In the shadow of seismic vulnerability, Jammu and Kashmir grapples with a growing environmental crisis. Rampant construction and disregard for natural resources amplify the region’s susceptibility to disasters.
Cease the wanton destruction of vital ecosystems, including water bodies, orchards, mountains, agricultural fields, and forests. Despite the perilous classification of Jammu and Kashmir (J&K) in seismic Zones IV and V, rendering the region highly susceptible to earthquakes, construction activities persist in delicate areas. The collective memory seems to have blurred the recollection of the powerful 7.6 magnitude earthquake that shook J&K on October 8, 2005, leaving widespread devastation in its wake.
Jammu and Kashmir’s distinctive topography makes it inherently prone to an array of natural disasters, from earthquakes and floods to landslides and the increasingly erratic climate patterns of recent times. Environmentalists argue that the majority of these calamities are direct consequences of reckless developmental pursuits and the unchecked vandalism of natural resources, including water bodies, orchards, agricultural fields, mountains, and forests. Furthermore, the intensification of human activities is accelerating the alarming rate of glacier melting in the region.
Despite witnessing the disruptive consequences of poorly executed developmental projects on fragile ecosystems, there appears to be a glaring lack of learning from past mistakes. Humanity seems indifferent to the toll on nature, which, in turn, responds with vengeance in the form of natural disasters.
A poignant example is the catastrophic flooding that engulfed J&K on September 7, 2014. Excessive rainfall in higher elevations led to the overflow of the Jhelum, Chenab, and Tawi basins, resulting in devastating floods. The floodwaters, estimated at about 120,000 cusecs, surpassed the carrying capacity of the Jhelum by five times during this calamitous event.
Environmentalists contend that human-induced factors, rather than purely natural ones, contribute significantly to such floods. Unregulated constructions in the floodplains of the Jhelum over several decades have compromised the wetlands’ ability to act as natural reservoirs, exacerbating the impact of flooding. Wetlands like Hokersar, Bemina, Narakara, Batamaloo numbal, Rakh-e-arth, Anchar lake, and Gilsar have suffered degradation due to encroachment and rapid urbanization, affecting their capacity to absorb floodwaters.
Similarly, the unchecked encroachment on flood channels and wetlands, which could serve as crucial defenses against floods, further highlights the disregard for nature’s warning signs. The blame for floods, therefore, extends beyond nature to the passive complicity of human beings.
The vulnerability of J&K to natural disasters, especially earthquakes, is exemplified by the seismic Zones IV and V classification. Nevertheless, ongoing constructions in delicate areas persist, overshadowing the memory of the devastating 7.6 magnitude earthquake of October 8, 2005. As a resident of Doda, I emphasize that this region, with its unique geoclimatic conditions, is particularly fragile, having experienced nine earthquakes within 60 hours in August of the previous year. The mountainous Doda district, housing massive dams like Dul Hasti and Baglihar, is inherently prone to natural disasters.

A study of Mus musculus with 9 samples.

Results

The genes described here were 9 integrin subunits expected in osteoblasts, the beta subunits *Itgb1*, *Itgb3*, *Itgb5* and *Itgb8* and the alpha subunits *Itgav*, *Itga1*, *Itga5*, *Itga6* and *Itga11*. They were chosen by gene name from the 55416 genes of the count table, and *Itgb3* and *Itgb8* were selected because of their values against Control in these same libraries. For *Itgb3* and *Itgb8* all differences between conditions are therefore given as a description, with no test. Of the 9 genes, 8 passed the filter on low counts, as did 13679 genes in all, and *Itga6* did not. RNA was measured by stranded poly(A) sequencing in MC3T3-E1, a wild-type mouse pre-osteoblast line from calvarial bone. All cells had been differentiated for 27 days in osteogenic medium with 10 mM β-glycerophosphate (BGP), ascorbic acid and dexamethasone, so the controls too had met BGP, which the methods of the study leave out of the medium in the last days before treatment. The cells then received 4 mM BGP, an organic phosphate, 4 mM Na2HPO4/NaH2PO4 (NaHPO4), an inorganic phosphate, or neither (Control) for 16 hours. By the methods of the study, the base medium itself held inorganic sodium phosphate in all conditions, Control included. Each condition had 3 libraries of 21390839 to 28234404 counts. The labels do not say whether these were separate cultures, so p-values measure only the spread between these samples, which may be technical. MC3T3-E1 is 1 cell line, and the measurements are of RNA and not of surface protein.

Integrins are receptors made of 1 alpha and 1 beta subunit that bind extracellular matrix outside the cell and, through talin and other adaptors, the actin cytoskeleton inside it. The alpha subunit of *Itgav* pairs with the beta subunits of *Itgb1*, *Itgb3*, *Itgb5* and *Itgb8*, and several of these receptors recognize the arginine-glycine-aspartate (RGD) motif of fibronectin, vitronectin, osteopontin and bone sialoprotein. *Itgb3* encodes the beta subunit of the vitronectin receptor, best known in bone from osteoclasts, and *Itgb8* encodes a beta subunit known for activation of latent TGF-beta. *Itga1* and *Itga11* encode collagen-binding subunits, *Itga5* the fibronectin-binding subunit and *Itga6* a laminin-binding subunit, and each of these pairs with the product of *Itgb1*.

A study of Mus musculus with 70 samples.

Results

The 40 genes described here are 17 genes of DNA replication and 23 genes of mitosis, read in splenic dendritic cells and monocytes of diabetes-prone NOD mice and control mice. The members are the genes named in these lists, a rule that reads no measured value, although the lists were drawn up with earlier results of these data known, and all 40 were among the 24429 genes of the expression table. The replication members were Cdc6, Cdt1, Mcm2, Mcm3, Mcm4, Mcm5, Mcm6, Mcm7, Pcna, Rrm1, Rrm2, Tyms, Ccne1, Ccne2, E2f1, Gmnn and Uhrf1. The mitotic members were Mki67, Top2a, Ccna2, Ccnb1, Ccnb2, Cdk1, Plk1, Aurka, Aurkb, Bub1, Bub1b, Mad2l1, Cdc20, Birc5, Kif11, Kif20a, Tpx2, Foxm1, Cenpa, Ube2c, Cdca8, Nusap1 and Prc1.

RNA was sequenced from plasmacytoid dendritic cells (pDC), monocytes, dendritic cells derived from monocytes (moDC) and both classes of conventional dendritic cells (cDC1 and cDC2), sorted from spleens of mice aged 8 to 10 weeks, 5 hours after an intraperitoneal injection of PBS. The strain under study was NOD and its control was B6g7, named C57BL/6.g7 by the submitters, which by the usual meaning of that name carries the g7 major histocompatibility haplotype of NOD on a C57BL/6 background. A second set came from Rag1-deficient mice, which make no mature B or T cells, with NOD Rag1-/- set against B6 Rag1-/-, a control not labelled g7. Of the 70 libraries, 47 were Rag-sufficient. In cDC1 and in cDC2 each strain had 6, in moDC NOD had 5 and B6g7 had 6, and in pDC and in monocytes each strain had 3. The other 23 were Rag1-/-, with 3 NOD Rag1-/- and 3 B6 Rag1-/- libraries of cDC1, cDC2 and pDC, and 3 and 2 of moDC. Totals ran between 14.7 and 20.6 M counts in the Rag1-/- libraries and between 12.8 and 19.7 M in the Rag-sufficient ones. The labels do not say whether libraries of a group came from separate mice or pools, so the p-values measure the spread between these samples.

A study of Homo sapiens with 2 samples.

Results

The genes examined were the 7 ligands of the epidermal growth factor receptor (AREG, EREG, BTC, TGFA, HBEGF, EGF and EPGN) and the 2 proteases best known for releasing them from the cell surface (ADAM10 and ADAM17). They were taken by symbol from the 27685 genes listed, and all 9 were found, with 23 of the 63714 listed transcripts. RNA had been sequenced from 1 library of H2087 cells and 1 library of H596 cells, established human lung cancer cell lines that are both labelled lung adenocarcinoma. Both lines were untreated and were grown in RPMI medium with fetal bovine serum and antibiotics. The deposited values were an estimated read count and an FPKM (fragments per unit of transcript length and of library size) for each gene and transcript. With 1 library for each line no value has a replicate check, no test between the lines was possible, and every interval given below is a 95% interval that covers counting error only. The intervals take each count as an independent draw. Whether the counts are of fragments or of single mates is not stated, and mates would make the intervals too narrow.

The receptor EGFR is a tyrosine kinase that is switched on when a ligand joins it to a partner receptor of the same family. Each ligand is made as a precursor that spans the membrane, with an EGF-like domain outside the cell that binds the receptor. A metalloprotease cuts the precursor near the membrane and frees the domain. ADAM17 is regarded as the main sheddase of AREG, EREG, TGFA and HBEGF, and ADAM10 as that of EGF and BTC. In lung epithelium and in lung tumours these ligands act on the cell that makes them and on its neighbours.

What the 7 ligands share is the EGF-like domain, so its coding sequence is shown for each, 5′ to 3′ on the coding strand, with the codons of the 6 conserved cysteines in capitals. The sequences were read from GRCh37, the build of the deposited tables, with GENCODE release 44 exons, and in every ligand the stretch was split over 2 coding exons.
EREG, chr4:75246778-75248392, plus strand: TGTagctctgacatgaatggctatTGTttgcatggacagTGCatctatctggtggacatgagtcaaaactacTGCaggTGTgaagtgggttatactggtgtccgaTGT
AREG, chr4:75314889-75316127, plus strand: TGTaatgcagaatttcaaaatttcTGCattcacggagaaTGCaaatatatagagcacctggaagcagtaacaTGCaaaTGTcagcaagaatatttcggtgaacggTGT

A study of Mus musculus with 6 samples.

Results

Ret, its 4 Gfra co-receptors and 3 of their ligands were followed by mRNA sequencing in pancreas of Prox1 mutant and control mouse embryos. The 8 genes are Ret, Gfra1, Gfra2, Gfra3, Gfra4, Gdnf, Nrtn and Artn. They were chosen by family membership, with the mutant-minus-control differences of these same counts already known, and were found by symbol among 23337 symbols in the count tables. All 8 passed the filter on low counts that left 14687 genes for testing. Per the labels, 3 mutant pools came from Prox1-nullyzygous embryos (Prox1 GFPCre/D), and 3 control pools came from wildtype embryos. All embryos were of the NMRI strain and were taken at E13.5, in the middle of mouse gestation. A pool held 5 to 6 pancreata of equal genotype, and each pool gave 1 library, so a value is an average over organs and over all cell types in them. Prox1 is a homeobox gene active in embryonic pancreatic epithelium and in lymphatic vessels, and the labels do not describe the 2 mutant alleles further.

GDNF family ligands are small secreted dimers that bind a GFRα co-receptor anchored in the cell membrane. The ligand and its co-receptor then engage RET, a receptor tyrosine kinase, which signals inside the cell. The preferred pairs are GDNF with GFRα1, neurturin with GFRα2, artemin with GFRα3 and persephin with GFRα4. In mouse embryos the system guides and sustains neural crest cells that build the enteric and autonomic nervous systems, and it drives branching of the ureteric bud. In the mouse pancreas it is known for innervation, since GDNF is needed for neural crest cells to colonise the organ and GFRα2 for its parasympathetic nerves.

Amidst numerous hydropower projects in the Chenab region, it becomes imperative to establish and enforce stringent policy guidelines to mitigate damage to the fragile environment. Unscientific developmental activities, such as deforestation, improper road construction, terracing, and encroachment on steep hill slopes, have significantly heightened the risk of landslides in this geologically young and unstable region.
The ongoing four-lane Srinagar-Baramulla-Uri highway project exemplifies the short-sighted approach to development. Fruit-bearing trees and other vegetation are being indiscriminately felled, impacting the region’s biodiversity. The destruction of the famous tree-line along the Srinagar-Baramulla highway, once a major tourist attraction, underscores the need for more sustainable development practices.
The loss of trees is not only irreversible but also represents a substantial and irreparable damage to the environment. Despite the ongoing climate fluctuations in J&K, marked by heavy snowfall, unseasonal rain, and heatwaves, there is a palpable lack of foresight in development projects. The retreat of glaciers like Kolahai, Thajiwas, Hoksar, Nehnar, and Shishram is emblematic of the escalating impact of climate change on the region.
Doda, a hotspot for earthquakes, faces an uphill battle against unscientific development. From massive dams to hydropower projects, the region stands on the brink of environmental disaster, urging stringent policies and eco-friendly interventions.
While the Union Environment Ministry and the J&K government have taken steps, such as formulating Standard Operating Procedures (SOP) for disaster management plans and eco-fragility studies, the implementation remains selective. These SOPs should be universally applied throughout J&K to safeguard against further environmental degradation.
Recognizing the urgent need for reforestation, Union Home Minister Amit Shah rightly emphasized that environmental protection hinges on extensive tree planting. A tree planted today, he noted, would provide oxygen for future generations, countering the escalating threat of pollution and ozone layer depletion.
There is an immediate imperative for sustainable development practices. Conducting Environment Impact Assessments before embarking on projects could prevent further harm to the environment. The time to act is now, for the sake of the fragile ecosystems and the future generations that depend on them.